Healthy teeth and dental implants require both gum tissue and bone for support. Healthy gum tissue (soft tissue) forms a protective barrier. This barrier protects against oral bacteria and stresses from daily functions such as chewing and tooth brushing. Without adequate gum tissue and bone (hard tissue), teeth and dental implants may become compromised. This may cause tooth sensitivity or an unattractive smile from receding gums. It can lead to premature tooth loss or dental implant failure.
What is a Soft-tissue Graft?
A soft-tissue graft is a piece of gum tissue (soft tissue) that is surgically transplanted to a site inside the mouth. The piece of gum tissue used for surgery is called donor tissue. The surgery site where the gum tissue is placed is known as the recipient site.
Why is a Soft-tissue Graft Needed?
Soft-tissue grafting are procedures performed inside the mouth to increase the amount of gum tissue around a single tooth, multiple teeth or dental implants. In cases of tooth loss, soft-tissue grafting can build more gum tissue to support dentures. Less commonly, soft-tissue grafts may be used to build gum tissue in non-tooth bearing areas, like the floor of the mouth (underneath the tongue) or cheek tissue.
Soft tissue may be inadequate for many reasons:
- Gum and bone disease (periodontal disease)
- Forceful tooth brushing or flossing
- Traumatic injury
- Orthodontic movement of teeth (braces or aligners)
- Previous oral surgery, such as dental extractions
- Treatment for oral pathology, including head and neck cancer
- Loss of teeth at an early age
- Systemic disease (e.g., diabetes mellitus, rheumatoid arthritis, lupus)
Oral and maxillofacial surgeons can diagnose and treat soft-tissue problems with soft-tissue grafting.
Where Do Soft-tissue Grafts Come From?
Soft-tissue grafts for oral surgery are typically obtained from one of three sources:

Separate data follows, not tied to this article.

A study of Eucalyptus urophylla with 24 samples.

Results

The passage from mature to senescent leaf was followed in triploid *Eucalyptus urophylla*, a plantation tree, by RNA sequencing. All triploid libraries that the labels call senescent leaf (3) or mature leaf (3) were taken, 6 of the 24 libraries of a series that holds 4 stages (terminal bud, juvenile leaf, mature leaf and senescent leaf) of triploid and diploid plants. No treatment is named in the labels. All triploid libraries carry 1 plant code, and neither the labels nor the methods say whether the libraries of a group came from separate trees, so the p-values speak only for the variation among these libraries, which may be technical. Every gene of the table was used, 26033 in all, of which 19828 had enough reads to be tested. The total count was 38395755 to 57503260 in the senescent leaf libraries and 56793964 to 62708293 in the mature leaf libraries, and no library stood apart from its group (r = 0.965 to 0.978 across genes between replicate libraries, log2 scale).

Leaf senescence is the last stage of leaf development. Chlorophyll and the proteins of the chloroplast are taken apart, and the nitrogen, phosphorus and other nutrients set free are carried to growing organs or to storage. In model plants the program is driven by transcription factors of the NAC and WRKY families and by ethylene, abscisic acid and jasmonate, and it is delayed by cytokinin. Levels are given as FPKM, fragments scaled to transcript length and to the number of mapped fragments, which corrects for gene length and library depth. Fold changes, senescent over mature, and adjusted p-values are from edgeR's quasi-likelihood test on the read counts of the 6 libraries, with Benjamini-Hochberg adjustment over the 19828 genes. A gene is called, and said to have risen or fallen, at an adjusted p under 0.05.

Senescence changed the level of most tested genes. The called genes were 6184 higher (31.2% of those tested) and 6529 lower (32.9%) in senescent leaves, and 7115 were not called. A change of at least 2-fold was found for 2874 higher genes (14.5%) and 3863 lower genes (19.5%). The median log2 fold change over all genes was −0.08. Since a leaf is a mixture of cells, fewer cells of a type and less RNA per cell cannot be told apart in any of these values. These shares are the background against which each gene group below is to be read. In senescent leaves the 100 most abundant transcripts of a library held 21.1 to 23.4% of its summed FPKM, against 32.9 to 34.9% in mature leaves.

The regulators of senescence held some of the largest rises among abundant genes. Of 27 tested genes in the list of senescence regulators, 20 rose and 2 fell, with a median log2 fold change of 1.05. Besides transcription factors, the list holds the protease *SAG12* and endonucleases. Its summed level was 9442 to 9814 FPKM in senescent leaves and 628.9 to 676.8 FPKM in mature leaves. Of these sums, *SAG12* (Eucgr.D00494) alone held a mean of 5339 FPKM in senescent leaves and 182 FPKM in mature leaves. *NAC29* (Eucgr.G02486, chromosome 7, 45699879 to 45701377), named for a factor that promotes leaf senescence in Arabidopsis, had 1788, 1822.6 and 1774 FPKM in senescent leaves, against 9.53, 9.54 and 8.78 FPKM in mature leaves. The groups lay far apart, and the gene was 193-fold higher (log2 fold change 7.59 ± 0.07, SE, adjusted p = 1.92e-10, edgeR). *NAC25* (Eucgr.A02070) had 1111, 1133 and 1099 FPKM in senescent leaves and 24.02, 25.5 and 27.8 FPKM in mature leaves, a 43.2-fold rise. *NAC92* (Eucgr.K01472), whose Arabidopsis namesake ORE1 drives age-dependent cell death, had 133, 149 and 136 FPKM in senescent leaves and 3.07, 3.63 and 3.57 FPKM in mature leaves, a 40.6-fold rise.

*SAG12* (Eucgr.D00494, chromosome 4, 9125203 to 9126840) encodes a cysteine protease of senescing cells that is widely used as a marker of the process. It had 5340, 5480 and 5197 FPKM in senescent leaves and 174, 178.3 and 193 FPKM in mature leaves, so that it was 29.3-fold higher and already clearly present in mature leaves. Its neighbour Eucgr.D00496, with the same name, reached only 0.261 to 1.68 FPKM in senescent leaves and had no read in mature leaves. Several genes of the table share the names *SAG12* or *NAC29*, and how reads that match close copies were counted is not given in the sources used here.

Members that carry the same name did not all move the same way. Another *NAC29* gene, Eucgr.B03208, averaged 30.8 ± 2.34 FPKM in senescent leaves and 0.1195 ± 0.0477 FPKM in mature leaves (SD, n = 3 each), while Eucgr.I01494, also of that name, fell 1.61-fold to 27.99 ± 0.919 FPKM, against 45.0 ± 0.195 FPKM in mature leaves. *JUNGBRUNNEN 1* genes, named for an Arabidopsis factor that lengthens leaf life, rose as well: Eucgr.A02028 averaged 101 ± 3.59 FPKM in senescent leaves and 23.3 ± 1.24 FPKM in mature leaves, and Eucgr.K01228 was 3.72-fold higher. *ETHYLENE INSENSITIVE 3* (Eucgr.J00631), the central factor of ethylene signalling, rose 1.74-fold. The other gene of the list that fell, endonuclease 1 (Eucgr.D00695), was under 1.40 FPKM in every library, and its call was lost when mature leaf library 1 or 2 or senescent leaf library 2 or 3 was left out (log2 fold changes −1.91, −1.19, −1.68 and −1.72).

- Nearby gum tissue – Adjacent healthy gum tissue inside your mouth is moved over and repositioned into the recipient site. This is commonly referred to as a pedicle flap. This technique requires neighboring healthy gum tissue. If the neighboring tissue is not healthy, another technique may be recommended.
- Roof of the mouth gum tissue (palatal tissue) – Healthy gum tissue is taken from the roof of your mouth (palate) and transplanted into the recipient site. The palatal gum tissue has multiple layers. Your surgeon may elect to transfer all layers of palatal tissue, termed a free gingival graft. Alternatively, only some of layers are transferred, while other layers remain. This graft is termed a sub-epithelial connective tissue graft.
- Acellular dermal matrix (cadaver tissue) – Acellular dermal matrix is human cadaver donor tissue, which is placed into the recipient site. All cadaver donor tissues are processed according to the U.S. Food and Drug Administration (FDA) standards. All cells from the human donor are completely removed in the process. This renders the donor tissue acellular. This prevents the transfer of any cells or potential diseases to recipient patients. Using donor tissue avoids having two surgery sites inside the mouth.
Performing Soft Tissue Grafts
Soft-tissue grafting may be performed as a separate procedure or simultaneously with other procedures. At times, both the soft tissue and hard tissue around teeth or dental implants are deficient. It may be recommended to increase both the amount of gum tissue and bone. Soft-tissue grafting may be performed at the same time as bone grafting. Soft-tissue grafting procedures may be performed with a combination of local anesthesia, moderate sedation, deep sedation or general anesthesia. Your OMS will help you decide what approach is best for your specific situation.
Graft and Donor Site Healing
Healing time from soft-tissue grafting is variable. Recovery is dependent on many factors, including the type of graft, procedure performed and adjunctive materials used. Healing may be related to the specific surgery site and size of the soft-tissue defect. Patient factors such as diabetes and smoking affect recovery and overall success rates. Stitches are commonly placed inside the mouth to secure the soft-tissue graft, but stitches do not always require removal. Your OMS can offer specific postoperative care instructions and guidelines for what to expect after surgery.
Consult an OMS about Soft-tissue Grafting
Oral and maxillofacial surgeons treat patients with soft-tissue defects around teeth, dental implants and other oral sites utilizing a variety of surgical procedures. Contact an OMS to discuss soft-tissue grafting to improve your overall oral health.